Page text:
To most people autumn is the kickoff season for football. I look at it as the onset for new beginnings, a time to forget what went before. Nothing says “A New Start” like the crisp, cool weather of fall.
That belief probably stems from all my years working in the school system, where September signifies the beginning of a new academic year. Students who might have goofed off in their previous grade level have the chance to start all over. With a clean slate, if you’ll pardon the pun.
I carry that over into my private life. While hot summer days mean hours spent lazing at the beach or pool, fall is the time to get productive and look ahead to the holidays. For example, I have a beautiful china cabinet filled with crystal and china handed down from my aunt and mom that I use every Thanksgiving, Christmas, and Easter. Fall is the time to wash and dry all those beautiful pieces, as well as the shelves they sit upon, so that they are ready to sparkle and shine for those festive dinners.
Likewise with my antique crystal chandelier. While my sons and husband would love to see one of those trendy chandeliers on home shows hanging over our dining room table, I can’t part with the one my late aunt gave me when we bought our first house years ago. It’s made with real crystals and, though many pieces have fallen and been lost throughout our subsequent moves, I still take the time to clean each crystal drop by hand every fall. Warm memories of my aunt keep me company throughout that task.
Besides readying the house for the coming holidays, I use autumn to cleanse my mind and spirits. The cooler weather (although in southern California fall can be hotter than summer!) teases me outdoors. Taking morning walks when the clouds haven’t yet burned off, watching brown leaves swirl then crunch beneath my feet, are activities I can hardly wait to pursue when autumn approaches. I use those solitary excursions to think over what I have accomplished over the year, as well as figure out what still needs to be done. And if I am not alone on these outings, I take the time to reconnect with my companion.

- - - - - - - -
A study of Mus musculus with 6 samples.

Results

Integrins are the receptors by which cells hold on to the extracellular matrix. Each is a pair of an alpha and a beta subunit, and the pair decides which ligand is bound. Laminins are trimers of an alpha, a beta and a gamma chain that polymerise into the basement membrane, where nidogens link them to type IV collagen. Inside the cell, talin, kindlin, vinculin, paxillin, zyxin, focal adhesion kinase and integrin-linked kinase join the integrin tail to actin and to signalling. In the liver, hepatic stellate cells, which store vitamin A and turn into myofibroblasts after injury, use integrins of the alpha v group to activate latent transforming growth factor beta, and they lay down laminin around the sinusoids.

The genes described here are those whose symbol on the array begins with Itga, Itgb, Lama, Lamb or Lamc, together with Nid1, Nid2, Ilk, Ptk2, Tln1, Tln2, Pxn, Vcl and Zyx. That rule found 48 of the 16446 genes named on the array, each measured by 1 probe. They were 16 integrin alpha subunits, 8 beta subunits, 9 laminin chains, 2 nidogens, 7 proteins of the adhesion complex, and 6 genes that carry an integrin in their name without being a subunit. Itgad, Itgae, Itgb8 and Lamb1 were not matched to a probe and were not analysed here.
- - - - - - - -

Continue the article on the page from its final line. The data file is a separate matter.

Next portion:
In October my church dedicates all the quilts that we quilters have worked on throughout the year. What a wonderful fall Sunday morning it is to walk into the sanctuary and see the many quilts we put together draped over the pews, to hear the ooh’s and ahh’s of the congregation! They are a catalogue of the year as we walk around and say, “Oh, I remember doing that one at Easter,” or “That one I helped finish before Valentine’s Day.”
And no fall season is complete without the yearly trip to the apple orchards of Oak Glen, California. I have never been to New England to witness the splendor of that area’s leaf-turning, or tasted the cider that comes from those farms, but California is not without its own autumn beauty. Oak Glen is a small community up in the local mountains where city-and-suburb dwellers such as myself can experience apple picking, cider pressing, hay rides, country music, and even the occasional hoedown.
Is it “tourist-y?” Of course it is. But no one can fake the turning color of the leaves on the hills, or the blue sky scudded with puffy white clouds. Or the flavors of all the different types of apples on display. No one can manufacture that “crunch” of the first bite into a Granny Smith, nor can anyone exactly replicate the giggle and smile of a small child as he races to pick out his perfect pumpkin for Halloween. In those respects it doesn’t matter if you are in the northeast or in the southwest of this country: fall will usher in the Season of Hope, best seen in the faces of children. How can anyone not see it as a fresh new beginning?